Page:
Can the SO3 do small detail like the Nomad?

Can the Shapeoko 3 do detail like the skull dice machined on the Nomad?

Post a STL file you want me to try and I’ll run it on my SO3 and see how it comes out.

The big advantages of the SO3 over the Nomad are size and power. The SO3 is 10x faster and the XXL has 17x more cutting area/volume than the Nomad so you can do a lot more with it. I have both machines and I rarely even use my Nomad anymore. Its just painful to wait for the 0.07hp spindle to cut such small amounts at a time. The S03 powers through wood like butter and it does a decent job on plastics also. If you have everything set up just right both machines can mill aluminum but the SO3 can do it 10x faster.

With that said, I don’t do small intricate cuts very often either so if you want to make a lot of precise parts the Nomad will be much more accurate and repeatable with almost no setup required. The SO3 is capable of good accuracy and repeatability but it requires the user to square the machine, precisely tension the belts and calibrate each of the axes each time you retension the belts so its not as plug and play…


The most intricate thing which I’ve done thus far is a pair of calipers:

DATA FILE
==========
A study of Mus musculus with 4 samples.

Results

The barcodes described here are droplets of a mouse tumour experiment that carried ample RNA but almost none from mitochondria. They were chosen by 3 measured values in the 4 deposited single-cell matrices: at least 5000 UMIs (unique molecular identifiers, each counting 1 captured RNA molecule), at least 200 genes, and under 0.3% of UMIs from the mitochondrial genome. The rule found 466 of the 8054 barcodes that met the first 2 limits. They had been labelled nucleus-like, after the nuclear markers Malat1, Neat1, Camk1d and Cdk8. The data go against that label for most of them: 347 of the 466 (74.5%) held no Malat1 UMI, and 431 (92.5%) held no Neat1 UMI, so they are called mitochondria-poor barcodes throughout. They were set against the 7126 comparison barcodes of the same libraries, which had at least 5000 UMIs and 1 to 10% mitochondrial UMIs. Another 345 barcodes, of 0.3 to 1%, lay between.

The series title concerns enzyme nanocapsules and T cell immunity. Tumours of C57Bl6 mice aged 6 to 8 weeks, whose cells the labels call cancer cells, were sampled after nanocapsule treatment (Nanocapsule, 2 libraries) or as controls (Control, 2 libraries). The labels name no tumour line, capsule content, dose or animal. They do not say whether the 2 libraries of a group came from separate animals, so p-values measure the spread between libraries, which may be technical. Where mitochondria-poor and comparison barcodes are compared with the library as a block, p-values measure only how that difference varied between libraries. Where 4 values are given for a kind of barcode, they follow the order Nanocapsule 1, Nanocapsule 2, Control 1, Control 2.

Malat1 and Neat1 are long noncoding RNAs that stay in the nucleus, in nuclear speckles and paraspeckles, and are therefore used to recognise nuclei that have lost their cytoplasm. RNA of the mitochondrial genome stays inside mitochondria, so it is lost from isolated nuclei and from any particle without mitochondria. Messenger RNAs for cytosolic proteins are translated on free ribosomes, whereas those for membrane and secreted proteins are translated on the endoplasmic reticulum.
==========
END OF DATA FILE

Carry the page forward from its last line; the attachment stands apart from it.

I think it would be possible on the Shapeoko 3, However it would be much easier to do on the Nomad.
How much easier is not as easy to quantify as the power difference between the two machines.

The Skull Dice are 16mm dice machined with a 1/16" (#111) ball end for roughing and a 1/32 (#121) for the finish pass.

plastic 3d 063 031.tps (2.1 KB)

Skull Dice 16mm.mcf (2.8 MB)

Here is the MeshCAM file and the toolpath settings used for the job, maybe someone wants to give it a go on the S3?

Apollo, could you save skull as a STEP or IGES files? These would be easier to him for into another CADCAM system, and then we can run the tool pack for the Shapeoko3

Hey Richard,
The only other format I can upload through the forum is an STL.

Skull Framed.stl (1.3 MB)


It will be interesting to see how they compare. I’ve been wanting to mill something small scale like this on both machines. Thanks for posting the .STL Apollo. I’ll give it a try when I get a chance to see how they compare.


What’s the step-over on that file?

I did some cuts for some guitar bridges using a 2mm flat-end bit and a .5mm step-over. You can see the “scan lines” in the image, which sanded out with 220 grit quite easily.

Agreed that the biggest limitation of the SO3 might be a lack of auto-zero. For that, you could add a zero mechanism, or for such a small piece, just start with the smaller bit. Otherwise, I don’t personally see any reason the SO3 couldn’t go a nice job of this project.